The government has today (19 October) released its Net Zero Strategy, setting out policies and proposals for decarbonising all sectors of the UK economy to meet the UK’s net zero target by 2050.
Our academic experts at Oxford Net Zero have been responding to the policy announcements outlined in the strategy.
On disposal of carbon dioxide
Professor Myles Allen, Director of Oxford Net Zero, said (quoted in The Guardian):
“We have to stop fossil fuels from causing global warming before the world stops using fossil fuels. Finally, the government seems to be acknowledging this obvious fact and belatedly investing in safe and permanent disposal of carbon dioxide so we can stop dumping it into the atmosphere. Depressingly, however, they still assume it can be done by subsidising carbon capture and a reformed emission trading system.
“It can’t: taxpayers’ money won’t last forever and by the time emission permits become expensive enough to make carbon capture worthwhile, it’ll be too little, too late. We have to make safe carbon dioxide disposal a licensing requirement for the continued extraction and import of fossil fuels. Outsiders with as diverse views as the Onward think tank and the All-Party Parliamentary Group on Net Zero understand this: it’s a shame the civil service just don’t want to know.”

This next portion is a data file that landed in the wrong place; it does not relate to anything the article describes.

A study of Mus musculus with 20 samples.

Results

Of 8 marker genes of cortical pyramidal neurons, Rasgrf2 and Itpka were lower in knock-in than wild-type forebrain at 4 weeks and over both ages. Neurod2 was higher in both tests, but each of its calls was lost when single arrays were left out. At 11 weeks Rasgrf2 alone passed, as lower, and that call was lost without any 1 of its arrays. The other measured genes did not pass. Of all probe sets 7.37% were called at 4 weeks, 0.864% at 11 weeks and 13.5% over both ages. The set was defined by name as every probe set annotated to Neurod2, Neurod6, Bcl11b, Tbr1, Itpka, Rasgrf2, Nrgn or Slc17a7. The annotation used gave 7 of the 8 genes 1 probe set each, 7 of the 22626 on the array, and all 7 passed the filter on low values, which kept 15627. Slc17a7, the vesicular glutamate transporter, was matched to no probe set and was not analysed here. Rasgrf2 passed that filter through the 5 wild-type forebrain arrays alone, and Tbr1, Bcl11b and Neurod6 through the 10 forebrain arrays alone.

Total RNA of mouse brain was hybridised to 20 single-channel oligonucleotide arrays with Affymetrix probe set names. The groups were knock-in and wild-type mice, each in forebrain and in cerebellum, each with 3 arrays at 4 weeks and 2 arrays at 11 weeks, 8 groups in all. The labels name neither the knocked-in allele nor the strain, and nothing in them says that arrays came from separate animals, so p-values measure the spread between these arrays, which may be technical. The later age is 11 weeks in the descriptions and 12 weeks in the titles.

On removing greenhouse gases from the air
Dr Steve Smith, Executive Director of Oxford Net Zero, said:
“One of the genuinely new things in this strategy is an approach to greenhouse gas removal – not just cutting emissions but taking them back out of the air. This is something we are going to need to reach net zero, alongside cutting down on emissions as much as possible. It’s a good step forward – perhaps even world-leading – but there is much more to do.”
On energy demand for cooling
Dr Radhika Khosla, Associate Professor, said:
“A key piece of achieving net zero is identifying and managing areas of energy demand. The net zero strategy misses a growing area of energy consumption which is the increased demand for cooling in the commercial and domestic sectors as extreme heat continues to rise in the UK. Along with F-gases mitigation, which is necessary, there are crucial energy efficiency and passive energy approaches to cooling which are needed to manage the increasing shift in cooling demand which the strategy does not shed much light on.”